GOP Rep. McCotter resigns, seat will remain open

Republican Rep. Thaddeus McCotter resigned Friday after failing to gather enough valid signatures to retake his own House seat.

The five-term Michigan congressman said his priorities would now be helping the state attorney general's office investigate the faulty petition filings and finding another job.

He dropped his bid for re-election last month after learning his staff hadn't filed enough valid petition signatures to get him on the Aug. 7 primary ballot. Twice as many signatures as required were turned in, but 80 percent were found to be fake or duplicates.

McCotter, who briefly mounted an unsuccessful campaign for president last year, also said he didn't have another job lined up but was "unwilling and ill-suited" to be a lobbyist.

“Acutely aware one cannot rebuild their hearth of home amongst the ruins of their U.S. House office, for the sake of my loved ones I must `strike another match, go start anew' by embracing the promotion back from public servant to sovereign citizen," McCotter said in a written statement.

McCotter also expressed disappointment with the challenges to his petition filing.

"After nearly 26 years in elected office, this past nightmarish month and a half have, for the first time, severed the necessary harmony between the needs of my constituency and of my family. As this harmony is required to serve, its absence requires I leave," McCotter said late Friday.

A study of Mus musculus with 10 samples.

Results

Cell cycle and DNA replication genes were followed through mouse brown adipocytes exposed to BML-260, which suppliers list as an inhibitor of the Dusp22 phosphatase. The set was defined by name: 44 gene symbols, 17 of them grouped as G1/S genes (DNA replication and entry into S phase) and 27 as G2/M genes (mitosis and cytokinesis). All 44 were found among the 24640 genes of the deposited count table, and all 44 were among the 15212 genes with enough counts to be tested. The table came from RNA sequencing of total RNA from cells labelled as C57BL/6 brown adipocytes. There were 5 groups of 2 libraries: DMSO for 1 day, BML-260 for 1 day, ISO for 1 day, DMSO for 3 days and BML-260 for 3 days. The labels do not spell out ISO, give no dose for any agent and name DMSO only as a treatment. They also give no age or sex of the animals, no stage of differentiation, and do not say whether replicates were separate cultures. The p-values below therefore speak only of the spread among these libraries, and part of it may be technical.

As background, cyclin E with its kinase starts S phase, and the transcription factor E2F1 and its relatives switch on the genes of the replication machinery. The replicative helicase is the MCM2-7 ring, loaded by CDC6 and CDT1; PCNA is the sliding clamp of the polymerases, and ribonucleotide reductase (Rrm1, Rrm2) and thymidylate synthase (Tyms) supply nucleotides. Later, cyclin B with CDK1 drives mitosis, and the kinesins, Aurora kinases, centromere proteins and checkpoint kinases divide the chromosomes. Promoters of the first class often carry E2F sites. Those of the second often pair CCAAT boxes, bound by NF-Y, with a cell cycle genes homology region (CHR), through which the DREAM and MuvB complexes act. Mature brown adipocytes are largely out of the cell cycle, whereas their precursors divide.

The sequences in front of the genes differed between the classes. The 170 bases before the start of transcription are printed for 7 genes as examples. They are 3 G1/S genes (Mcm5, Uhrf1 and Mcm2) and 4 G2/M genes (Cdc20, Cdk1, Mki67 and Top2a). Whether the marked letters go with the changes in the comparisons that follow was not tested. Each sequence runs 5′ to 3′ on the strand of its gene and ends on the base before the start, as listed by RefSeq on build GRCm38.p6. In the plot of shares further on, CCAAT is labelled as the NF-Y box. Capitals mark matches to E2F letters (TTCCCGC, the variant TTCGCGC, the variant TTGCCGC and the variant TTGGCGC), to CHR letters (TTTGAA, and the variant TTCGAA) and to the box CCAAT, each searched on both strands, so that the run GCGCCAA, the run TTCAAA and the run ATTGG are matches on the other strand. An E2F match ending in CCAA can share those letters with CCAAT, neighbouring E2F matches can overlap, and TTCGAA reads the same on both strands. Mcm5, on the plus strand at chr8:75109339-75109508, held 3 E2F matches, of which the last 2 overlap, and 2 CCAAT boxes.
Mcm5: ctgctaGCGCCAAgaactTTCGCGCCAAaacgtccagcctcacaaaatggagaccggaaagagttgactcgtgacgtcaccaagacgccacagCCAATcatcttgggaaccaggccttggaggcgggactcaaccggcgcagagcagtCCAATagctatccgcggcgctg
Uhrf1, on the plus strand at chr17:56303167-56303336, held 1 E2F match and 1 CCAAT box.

He encouraged the state attorney general to continue investigating his petition filing. McCotter also said he faces "diminishing prospects" in the job market, noting he is "both unwilling and ill-suited to lobby."

Though McCotter does not appear to be in legal jeopardy, sources close to the congressman said he felt handcuffed by not being able to discuss freely what was happening with the attorney general probe.

There will be no special election to fill the rest of his term, so the seat is expected to remain vacant at least through the election.

McCotter's abrupt exit from Congress left Kerry Bentivolio, a Vietnam War veteran, teacher and beekeeper from Milford, as the only Republican on the primary ballot for Michigan's 11th District, which covers suburban areas of Wayne and Oakland counties outside Detroit. Former state Sen. Nancy Cassis, of Novi, is running as a write-in candidate.

Two Wayne County residents, William Roberts, of Redford Township, and Oakwood Hospital chief of medicine Taj Syed, of Canton Township, are seeking the Democratic nomination.

Gov. Rick Snyder received the congressman's resignation letter Friday afternoon, spokeswoman Sara Wurfel said. The Republican governor's staff will consult with legal experts about whether and how to fill the vacancy for the rest of McCotter's term, she said.

"We wish Congressman McCotter and his family the best and thank him for his service to the state," said Matt Frendewey, spokesman for the Michigan GOP.

The 46-year-old attorney ran a little-noticed campaign for the GOP presidential nomination last year before dropping out to seek re-election to Congress. McCotter was first elected to the House in 2003.

Fox News' Chad Pergram and The Associated Press contributed to this report.